The hilarious original time machine Doc Brown used in 'Back to the Future'

Back to the Future, directed by Robert Zemeckis, debuted on movie screens in 1985, becoming a landmark of American culture and cinema, still adored over 35 years on by sci-fi lovers and casual movie-goers alike. The ultimate immortalisation of the 1980s, the film’s legacy is ineffable, spawning two sequels, released in 1989 and 1990, as well as an animated TV series and musical, which is currently touring the West End.

However, Back to the Future’s significance is partly down to the presence of the DeLorean, the time-travelling car that transports Marty McFly (Michael J. Fox) to 1955 with the help of mad scientist Doc Brown (Christopher Lloyd). After the DeLorean breaks down upon arrival in 1955, Marty must enlist the help of a younger Doc to get back to the present day, whilst ensuring that his high-school-aged parents fall in love so that a paradoxical universe where he doesn’t exist is avoided.

In the franchise, the DeLorean time machine is made out of a retrofitted DMC DeLorean car with a ‘flux capacitor’ needing 1.21 gigawatts of power and a speed of 88 miles per hour to capacitate time travel. However, in the original script, written by Robert Zemeckis and Bob Gale, the DeLorean was not found inside of a car, rather a fridge. The flux capacitator – the key component for time travel – was absent from the original script. Instead, the time machine was a “power converter” devised from a laser device and kept inside a refrigerator, which was loaded into a truck before being driven into a nuclear blast, which would initiate time travel.

The rather complicated process, which would involve Marty climbing into the fridge in order to survive the nuclear blast and transport to another place in time, was simplified by scrapping this idea and placing the device in the now-iconic DeLorean car. The image of Marty stepping out of the spaceship-like doors of the DeLorean fit the film’s sci-fi genre way better than the household image of a fridge. But this wasn’t the only reason for the change of script…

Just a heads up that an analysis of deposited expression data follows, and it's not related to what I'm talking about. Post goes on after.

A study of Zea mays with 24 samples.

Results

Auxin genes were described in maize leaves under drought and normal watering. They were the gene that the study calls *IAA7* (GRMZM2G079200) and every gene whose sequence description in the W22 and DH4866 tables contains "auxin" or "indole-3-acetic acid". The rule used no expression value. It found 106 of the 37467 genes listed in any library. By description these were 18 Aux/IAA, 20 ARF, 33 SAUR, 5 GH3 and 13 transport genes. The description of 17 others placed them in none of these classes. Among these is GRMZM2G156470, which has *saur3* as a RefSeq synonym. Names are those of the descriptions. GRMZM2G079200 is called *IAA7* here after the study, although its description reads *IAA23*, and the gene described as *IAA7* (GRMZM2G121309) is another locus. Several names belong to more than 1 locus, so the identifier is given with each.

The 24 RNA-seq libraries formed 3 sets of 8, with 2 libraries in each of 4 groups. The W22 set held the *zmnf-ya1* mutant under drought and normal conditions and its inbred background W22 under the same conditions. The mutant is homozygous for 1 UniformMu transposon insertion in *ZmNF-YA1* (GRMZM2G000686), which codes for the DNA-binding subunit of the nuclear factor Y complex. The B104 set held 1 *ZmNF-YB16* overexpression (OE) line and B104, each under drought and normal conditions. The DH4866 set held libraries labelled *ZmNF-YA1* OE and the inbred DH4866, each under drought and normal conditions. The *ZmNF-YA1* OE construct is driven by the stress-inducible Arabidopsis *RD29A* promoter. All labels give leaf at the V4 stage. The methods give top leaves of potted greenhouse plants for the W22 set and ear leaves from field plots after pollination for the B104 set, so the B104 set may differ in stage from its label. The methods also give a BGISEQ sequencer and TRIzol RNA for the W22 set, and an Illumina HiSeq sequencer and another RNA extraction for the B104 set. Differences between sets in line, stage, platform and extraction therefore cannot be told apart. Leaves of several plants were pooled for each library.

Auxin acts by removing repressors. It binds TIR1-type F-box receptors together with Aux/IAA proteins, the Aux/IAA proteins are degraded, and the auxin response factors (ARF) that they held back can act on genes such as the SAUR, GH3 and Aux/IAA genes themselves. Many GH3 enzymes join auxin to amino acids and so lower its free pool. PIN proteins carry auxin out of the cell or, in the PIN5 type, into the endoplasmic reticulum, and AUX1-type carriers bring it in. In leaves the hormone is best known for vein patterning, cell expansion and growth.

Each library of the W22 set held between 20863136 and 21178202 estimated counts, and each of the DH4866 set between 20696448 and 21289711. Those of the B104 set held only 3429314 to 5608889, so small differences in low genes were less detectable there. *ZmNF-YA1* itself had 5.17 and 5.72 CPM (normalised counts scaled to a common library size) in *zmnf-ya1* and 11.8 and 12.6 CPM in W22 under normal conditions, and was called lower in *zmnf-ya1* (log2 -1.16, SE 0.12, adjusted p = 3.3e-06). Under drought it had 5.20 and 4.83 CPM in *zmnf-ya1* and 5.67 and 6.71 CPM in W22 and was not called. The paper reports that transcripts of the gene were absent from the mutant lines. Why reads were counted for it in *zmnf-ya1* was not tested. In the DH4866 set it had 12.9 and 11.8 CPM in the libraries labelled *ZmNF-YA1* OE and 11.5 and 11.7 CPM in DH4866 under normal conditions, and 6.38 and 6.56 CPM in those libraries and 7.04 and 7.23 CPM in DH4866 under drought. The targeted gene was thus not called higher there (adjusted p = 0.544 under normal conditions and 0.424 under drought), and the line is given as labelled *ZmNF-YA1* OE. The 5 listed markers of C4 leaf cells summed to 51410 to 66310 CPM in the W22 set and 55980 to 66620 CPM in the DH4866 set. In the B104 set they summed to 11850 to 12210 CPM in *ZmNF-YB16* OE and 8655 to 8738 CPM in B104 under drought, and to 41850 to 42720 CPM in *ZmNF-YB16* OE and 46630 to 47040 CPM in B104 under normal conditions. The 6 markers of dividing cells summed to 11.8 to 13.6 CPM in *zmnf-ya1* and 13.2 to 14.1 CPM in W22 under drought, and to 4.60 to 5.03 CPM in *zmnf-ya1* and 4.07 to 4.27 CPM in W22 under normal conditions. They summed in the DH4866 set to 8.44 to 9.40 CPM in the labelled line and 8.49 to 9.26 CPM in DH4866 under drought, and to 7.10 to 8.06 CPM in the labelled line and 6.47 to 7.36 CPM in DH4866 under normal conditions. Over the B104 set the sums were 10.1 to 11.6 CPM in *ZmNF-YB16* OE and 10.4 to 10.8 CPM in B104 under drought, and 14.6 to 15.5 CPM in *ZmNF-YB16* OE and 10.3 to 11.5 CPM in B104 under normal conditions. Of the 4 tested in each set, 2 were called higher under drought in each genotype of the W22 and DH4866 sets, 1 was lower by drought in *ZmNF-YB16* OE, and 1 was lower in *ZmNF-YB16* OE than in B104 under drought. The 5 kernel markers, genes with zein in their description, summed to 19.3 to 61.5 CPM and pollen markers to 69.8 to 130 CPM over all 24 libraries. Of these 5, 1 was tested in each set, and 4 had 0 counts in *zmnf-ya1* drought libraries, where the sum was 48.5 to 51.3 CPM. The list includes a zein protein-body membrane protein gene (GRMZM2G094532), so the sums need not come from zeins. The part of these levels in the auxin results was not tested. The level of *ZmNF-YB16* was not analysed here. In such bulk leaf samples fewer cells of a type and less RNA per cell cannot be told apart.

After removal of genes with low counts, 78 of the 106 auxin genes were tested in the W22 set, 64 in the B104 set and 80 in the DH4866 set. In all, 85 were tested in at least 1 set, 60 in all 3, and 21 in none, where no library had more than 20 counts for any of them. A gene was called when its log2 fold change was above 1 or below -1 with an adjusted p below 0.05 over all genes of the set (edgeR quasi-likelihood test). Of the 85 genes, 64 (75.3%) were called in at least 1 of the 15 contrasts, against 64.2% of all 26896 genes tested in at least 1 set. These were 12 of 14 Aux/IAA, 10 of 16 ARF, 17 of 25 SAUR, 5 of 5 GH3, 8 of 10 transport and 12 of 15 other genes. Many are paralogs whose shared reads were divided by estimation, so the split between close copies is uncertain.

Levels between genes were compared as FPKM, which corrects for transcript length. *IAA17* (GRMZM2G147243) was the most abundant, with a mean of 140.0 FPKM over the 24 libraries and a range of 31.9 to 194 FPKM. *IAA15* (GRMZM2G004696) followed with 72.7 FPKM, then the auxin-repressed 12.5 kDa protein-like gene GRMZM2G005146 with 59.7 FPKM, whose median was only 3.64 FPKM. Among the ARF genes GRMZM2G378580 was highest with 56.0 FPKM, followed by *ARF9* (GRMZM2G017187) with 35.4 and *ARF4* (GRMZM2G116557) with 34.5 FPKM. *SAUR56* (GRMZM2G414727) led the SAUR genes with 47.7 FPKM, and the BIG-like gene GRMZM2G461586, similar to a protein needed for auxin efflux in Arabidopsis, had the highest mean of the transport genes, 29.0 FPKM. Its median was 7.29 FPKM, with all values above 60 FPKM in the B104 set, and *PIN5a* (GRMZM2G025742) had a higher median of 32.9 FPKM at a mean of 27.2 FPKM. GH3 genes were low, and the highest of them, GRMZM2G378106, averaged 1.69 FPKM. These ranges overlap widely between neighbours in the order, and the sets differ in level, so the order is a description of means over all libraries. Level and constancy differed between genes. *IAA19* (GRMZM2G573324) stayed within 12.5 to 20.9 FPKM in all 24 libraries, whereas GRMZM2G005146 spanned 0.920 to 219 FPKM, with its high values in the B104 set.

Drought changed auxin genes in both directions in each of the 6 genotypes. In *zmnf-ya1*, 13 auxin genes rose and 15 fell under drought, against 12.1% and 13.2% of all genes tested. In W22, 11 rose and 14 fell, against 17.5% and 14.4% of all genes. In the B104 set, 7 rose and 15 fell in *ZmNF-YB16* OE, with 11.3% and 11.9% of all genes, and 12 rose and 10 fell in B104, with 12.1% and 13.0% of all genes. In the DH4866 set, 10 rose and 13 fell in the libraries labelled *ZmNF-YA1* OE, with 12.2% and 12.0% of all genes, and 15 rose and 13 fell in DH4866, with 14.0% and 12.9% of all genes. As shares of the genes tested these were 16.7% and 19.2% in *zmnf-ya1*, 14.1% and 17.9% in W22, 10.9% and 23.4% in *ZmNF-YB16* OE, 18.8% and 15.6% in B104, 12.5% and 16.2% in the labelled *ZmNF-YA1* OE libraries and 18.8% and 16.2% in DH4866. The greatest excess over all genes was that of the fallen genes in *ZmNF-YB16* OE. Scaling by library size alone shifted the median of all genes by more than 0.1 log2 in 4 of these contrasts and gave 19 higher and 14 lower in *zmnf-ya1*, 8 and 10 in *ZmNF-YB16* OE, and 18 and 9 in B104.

In the 1980s, most fridges were equipped with a latch to prevent food from turning stale, however, this led to the tragic deaths of many children that managed to get themselves locked inside. The film’s producer, Steven Spielberg, was afraid that young children would attempt to time travel from the confines of their own fridges after watching the film, thus the legendary DeLorean was born. Little did the creators know the influence that their invention would cause – it’s one of the most recognisable hallmarks of the 1980s, despite merely being a film prop.

It is strange to think that one of the most well-known symbols of American cinema almost never existed, all because of fridge latches. The resultant image of American sci-fi was a mixture of old and new – a failing car model designed to transport the user anywhere, with the help of some plutonium. The image of eccentric white-haired scientist Doc Brown sitting inside the DeLorean would not be half as memorable if he was squashed inside a fridge, that’s for sure.